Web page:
I’ve never been one to dwell on anniversaries. But what the heck.
Last year’s U.S. Supreme Court ruling that struck down the Defense of Marriage Act came in the sesquicentennial year of the Emancipation Proclamation.
Lincoln wanted the latter a year earlier. He made a preliminary declaration in 1862. He said it would take effect officially in 1863 if the Confederate army kept fighting. It kept fighting.
This is the case today in another protracted battle.
The opposition that wants to oppress gays and lesbians will go down fighting. But it is going down.
This time no army will be needed. The U.S. Constitution will see to it.
A pivotal point in the Civil War came in Virginia when Richmond, the Confederate capital, fell to Union forces.
Today? Another turning point in Virginia: A federal judge there has blocked the state’s ban on gay and lesbian unions. Judge Arenda Wright Allen cited the Supreme Court’s ruling in United States v. Weldon in pronouncing marriage a fundamental right.
Speaking of the onetime Confederacy: Though the ruling could be overturned in appeal, Allen’s decision applies to gay marriage bans in other states in her district: North Carolina, South Carolina and West Virginia. Glory be.
Once the tide turned 150 years ago, the end was a formality, with Union victory after victory. Today? Virginia is only the latest to fall. Before that, court rulings struck down gay marriage bans in Oklahoma, and Utah, and in New Mexico, and in New Jersey.
We hear the claims of righteousness behind raw and rank discrimination, the “our way of life” claim, the “stand up for traditional marriage” claim. It is politics, nothing more. Sorry to report, folks, but it’s about to be a rout, for the Constitution clearly, decisively, is in the other corner.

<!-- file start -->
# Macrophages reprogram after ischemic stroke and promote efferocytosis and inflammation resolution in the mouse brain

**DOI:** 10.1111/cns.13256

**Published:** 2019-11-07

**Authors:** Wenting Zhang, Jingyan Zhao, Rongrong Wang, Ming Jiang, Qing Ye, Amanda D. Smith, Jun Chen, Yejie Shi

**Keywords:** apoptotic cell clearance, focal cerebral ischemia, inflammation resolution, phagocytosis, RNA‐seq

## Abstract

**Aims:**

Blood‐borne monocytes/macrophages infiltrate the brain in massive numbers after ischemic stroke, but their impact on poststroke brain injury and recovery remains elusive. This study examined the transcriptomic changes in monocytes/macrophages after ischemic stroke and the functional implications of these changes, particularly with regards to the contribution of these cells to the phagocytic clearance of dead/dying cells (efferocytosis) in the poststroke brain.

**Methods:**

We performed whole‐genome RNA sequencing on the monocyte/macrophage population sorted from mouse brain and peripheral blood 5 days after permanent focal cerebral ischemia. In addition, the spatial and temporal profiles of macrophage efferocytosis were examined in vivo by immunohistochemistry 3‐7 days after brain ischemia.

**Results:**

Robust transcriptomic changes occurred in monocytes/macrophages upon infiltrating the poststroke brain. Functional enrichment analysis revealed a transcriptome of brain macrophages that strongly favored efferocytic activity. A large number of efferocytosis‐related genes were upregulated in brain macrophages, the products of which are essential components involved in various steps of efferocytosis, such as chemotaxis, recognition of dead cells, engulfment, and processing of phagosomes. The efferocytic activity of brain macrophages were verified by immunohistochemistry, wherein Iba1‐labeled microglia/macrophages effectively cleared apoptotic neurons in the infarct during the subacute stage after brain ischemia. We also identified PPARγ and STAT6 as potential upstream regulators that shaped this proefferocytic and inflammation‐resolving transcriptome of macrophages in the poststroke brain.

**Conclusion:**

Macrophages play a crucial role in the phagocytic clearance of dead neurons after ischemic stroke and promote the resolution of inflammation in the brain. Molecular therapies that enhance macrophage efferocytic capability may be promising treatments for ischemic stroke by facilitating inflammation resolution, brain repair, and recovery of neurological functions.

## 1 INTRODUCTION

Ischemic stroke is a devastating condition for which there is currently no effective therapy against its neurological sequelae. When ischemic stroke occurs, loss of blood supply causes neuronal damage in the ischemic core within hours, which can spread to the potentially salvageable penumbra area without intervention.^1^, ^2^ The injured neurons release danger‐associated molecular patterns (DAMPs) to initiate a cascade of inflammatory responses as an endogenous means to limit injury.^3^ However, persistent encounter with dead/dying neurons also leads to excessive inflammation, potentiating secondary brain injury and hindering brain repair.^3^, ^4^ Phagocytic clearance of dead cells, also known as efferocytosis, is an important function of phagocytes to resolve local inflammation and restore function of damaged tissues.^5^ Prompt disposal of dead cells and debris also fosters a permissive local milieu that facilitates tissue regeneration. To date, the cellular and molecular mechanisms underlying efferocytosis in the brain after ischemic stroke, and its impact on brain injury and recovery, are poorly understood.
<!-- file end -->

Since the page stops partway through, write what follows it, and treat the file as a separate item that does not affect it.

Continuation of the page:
The people of Virginia voted “overwhelmingly to affirm marriage as the union of one man and one woman,” says the president of the National Organization for Marriage. “That decision should be respected by judges.”
But, of course, “the people” of various jurisdictions have authorized any number of disgraceful forms of oppression, from the aforementioned slavery, to school segregation, to exclusive lunch counters, to the Kansas House’s sending to the Senate the other day a bill to allow businesses to refuse to serve gays and lesbians.
Just as was the case during Jim Crow, the politics of oppression remain strong. That’s why U.S. Sen. Ted Cruz, R-Texas, was at the microphone hawking a bill that would effectively declare states like his as Constitution-free zones on matters like this. King’s X, as it were.
Cruz came on the national scene like Joe McCarthy. Now he is doing a very serviceable George Wallace. Speak for the people, senator.
It is a fascinating pairing when Cruz and his tea party kin find soul mates in Russian autocrats and Sudanese henchmen on the issue of gay rights.
When U.S. athletes, with the blessing of the president, strode confidently in Sochi in support of human rights — gay rights, it was a proud red, white and blue day for America.
When the students of the University of Missouri stood and roared for newly, proudly, outed defensive lineman Michael Sam, it was a proud day for the university. It also is a gesture that should shame a state — Missouri — in which discrimination against gay couples is institutionalized. Be advised, Mizzou: The ACLU is coming after you. It announced as much last week.
What the courts are saying: Marriage isn’t a province of the church. Marriage isn’t the province of politicians. Marriage is a basic legal relationship carrying a host of ramifications, from spousal benefits, to probate, to tax equity.
The courts say that if, as the Declaration of Independence says, all of us are equal, then those who are gay, lesbian and transgendered are included.
The literal definition of “us” is what Lincoln was prosecuting, too, though the opposition kept fighting.
Longtime Texas newspaperman John Young lives in Colorado. Email:firstname.lastname@example.org.